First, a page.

Building Healthy Immunity continued...

Go for a walk: Sitting around not only can leave you feeling sluggish, it also can make your immune system sluggish. Exercise, on the other hand, helps boost immunity.

“We know exercise is good for immune function,” says Polsky. The good news, he says, is that you don’t need elaborate exercise programs and personal trainers. “Even fast walking – getting your heart rate up for 20 minutes three times a week -- is associated with increased immune function,” Polsky tells WebMD.

Researchers aren’t sure exactly how exercise helps strengthen the immune system. Studies show that people who exercise have better-functioning white blood cells (the ones that help fight off infection) than people who don’t exercise.

Also, exercise is associated with the release of endorphins. “These are natural hormones that affect the brain in positive ways,” Polsky says. They ease pain and promote a sense of relaxation and well-being – all of which can help you de-stress and sleep better, which in turn improve immunity.

Eat a healthy diet: Proper nutrition is essential for your immune system to work well. A diet high in empty calories not only leads to weight gain, but it can leave you more prone to infections. Plus, being overweight is associated with a number of health problems that can also drag your immune system down.

“When the immune system is down, you want to avoid things like alcohol and sugar, especially because microbes love sugar,” says Stephen Sinatra, MD, a certified nutrition specialist and assistant clinical professor of medicine at the University of Connecticut School of Medicine.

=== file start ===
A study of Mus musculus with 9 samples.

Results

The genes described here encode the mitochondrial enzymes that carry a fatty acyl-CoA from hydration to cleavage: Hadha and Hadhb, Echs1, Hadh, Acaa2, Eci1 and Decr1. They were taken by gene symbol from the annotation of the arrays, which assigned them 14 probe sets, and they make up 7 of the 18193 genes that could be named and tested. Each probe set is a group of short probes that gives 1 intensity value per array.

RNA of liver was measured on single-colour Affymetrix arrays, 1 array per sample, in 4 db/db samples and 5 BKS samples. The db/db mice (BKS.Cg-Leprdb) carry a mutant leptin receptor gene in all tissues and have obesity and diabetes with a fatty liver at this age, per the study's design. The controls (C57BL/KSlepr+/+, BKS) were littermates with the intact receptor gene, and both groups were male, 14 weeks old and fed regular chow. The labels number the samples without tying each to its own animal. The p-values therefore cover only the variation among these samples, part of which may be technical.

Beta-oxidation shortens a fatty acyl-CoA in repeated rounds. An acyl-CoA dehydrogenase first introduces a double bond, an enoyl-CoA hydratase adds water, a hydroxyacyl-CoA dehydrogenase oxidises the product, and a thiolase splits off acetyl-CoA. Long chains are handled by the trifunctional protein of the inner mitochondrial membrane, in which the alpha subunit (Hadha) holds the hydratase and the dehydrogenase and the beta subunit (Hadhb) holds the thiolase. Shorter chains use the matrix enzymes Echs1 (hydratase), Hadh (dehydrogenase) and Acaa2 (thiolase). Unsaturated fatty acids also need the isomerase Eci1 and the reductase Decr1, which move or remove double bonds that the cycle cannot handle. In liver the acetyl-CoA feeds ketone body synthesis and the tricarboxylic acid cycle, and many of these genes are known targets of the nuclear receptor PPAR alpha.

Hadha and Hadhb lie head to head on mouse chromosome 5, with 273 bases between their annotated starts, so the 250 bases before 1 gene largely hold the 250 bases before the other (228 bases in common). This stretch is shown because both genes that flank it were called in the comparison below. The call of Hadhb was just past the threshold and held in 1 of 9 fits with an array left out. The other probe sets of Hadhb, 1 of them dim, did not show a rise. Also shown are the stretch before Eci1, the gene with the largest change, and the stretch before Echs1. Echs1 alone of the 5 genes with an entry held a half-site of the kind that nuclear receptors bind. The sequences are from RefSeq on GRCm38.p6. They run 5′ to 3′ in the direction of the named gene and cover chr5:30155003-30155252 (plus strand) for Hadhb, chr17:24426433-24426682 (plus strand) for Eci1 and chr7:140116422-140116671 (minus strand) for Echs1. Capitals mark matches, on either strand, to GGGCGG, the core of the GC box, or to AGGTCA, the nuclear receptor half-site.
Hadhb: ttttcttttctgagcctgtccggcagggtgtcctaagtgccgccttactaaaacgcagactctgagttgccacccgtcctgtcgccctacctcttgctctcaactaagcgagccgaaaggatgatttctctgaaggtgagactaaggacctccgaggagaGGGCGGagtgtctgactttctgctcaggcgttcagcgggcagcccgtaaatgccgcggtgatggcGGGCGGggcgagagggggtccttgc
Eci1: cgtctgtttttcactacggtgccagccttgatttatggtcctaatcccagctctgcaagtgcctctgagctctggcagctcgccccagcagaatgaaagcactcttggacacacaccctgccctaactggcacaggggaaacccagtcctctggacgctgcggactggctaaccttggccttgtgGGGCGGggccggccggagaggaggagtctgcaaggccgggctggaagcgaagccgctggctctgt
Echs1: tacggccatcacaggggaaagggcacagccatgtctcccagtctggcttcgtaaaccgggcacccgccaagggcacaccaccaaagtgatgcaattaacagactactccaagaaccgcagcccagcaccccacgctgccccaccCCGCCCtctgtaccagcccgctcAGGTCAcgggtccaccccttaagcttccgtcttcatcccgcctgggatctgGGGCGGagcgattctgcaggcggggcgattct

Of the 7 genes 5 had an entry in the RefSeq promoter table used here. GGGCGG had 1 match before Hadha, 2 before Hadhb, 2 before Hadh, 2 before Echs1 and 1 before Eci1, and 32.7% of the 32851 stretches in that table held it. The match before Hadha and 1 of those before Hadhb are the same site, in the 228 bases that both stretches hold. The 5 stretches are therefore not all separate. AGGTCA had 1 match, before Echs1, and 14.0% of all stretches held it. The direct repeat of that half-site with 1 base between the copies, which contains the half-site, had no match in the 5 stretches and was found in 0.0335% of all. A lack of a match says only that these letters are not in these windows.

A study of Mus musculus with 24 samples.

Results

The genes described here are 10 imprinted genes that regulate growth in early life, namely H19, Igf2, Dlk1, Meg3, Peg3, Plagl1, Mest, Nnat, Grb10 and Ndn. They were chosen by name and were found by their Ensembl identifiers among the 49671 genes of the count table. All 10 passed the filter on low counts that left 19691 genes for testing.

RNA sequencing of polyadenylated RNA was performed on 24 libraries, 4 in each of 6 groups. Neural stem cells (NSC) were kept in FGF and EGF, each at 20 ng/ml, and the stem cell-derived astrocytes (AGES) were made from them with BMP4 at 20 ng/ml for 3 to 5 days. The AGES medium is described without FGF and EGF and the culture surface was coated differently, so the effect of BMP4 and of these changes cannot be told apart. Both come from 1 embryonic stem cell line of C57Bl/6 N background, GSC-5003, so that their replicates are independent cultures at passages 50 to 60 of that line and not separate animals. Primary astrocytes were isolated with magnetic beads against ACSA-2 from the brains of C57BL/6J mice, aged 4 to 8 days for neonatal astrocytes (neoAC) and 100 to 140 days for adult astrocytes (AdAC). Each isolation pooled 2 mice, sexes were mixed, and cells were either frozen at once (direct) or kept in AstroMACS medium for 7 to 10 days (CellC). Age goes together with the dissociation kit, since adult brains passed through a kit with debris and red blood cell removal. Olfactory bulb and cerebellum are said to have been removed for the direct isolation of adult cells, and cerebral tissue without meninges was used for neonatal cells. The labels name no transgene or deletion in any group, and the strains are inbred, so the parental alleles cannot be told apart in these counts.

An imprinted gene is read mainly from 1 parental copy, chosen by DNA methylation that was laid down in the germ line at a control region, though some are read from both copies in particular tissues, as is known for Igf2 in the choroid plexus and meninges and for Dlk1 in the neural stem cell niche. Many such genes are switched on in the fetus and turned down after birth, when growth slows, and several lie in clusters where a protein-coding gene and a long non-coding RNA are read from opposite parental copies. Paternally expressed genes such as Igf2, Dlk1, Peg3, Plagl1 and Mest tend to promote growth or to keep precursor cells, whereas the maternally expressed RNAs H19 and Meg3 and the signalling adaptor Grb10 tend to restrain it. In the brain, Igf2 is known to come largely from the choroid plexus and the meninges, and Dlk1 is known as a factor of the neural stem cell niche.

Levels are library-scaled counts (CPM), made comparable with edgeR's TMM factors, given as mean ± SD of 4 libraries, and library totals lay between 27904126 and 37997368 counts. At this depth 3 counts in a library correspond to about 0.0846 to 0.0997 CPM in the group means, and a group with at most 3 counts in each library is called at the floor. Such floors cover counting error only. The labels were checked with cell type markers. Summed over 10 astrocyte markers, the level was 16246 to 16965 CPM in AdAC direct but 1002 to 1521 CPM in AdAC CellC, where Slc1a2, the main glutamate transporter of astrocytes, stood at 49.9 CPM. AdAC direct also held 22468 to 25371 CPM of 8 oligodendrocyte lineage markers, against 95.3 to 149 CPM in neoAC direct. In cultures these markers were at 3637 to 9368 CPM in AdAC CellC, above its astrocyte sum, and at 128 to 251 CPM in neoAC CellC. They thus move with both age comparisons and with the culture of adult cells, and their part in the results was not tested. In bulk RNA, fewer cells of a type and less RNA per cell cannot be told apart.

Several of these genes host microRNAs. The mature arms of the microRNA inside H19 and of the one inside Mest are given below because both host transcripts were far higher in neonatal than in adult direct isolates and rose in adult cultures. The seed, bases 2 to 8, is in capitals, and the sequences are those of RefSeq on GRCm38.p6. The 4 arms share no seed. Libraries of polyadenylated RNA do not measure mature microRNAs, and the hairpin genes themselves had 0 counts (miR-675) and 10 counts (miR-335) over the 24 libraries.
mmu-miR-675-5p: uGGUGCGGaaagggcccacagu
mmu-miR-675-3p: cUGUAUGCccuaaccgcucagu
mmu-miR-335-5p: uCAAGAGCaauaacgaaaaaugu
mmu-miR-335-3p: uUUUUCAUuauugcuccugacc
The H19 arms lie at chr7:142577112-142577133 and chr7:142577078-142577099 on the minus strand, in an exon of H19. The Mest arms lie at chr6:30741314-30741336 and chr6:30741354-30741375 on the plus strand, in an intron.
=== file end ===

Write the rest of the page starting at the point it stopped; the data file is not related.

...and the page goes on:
A diet rich in antioxidant vitamins, on the other hand, can boost resistance to infection. Think about eating in color: dark green, red, yellow, and orange fruits and veggies are packed with antioxidants. Try berries, citrus fruits, kiwi, apples, red grapes, kale, onions, spinach, sweet potatoes, and carrots.

Other immune-boosting foods include fresh garlic, which may have antiviral and antibiotic properties, and old-fashioned chicken soup. Studies show that, if you do come down with a cold or the flu, a bowl of steaming chicken soup can ease inflammation and help you get well faster.

And mushrooms such as reichi, maitake, and shiitake may have a strong influence on immune function as well as enhance the production of chemicals that help your body respond to infection.

Get enough sleep: Regular bouts with insomnia may not only leave you feeling fatigued during the day, but also leave you vulnerable to illnesses, including colds, flu, and other infections. Long term, poor sleep also has been shown to increase the risk of other health problems, including obesity and diabetes.

The body uses sleep as a means of healing itself, says Scott Berliner, president and supervising pharmacist at Life Science Pharmacy in New York. When we don’t get enough sleep – or reach the deeper stages of sleep – healing is impaired.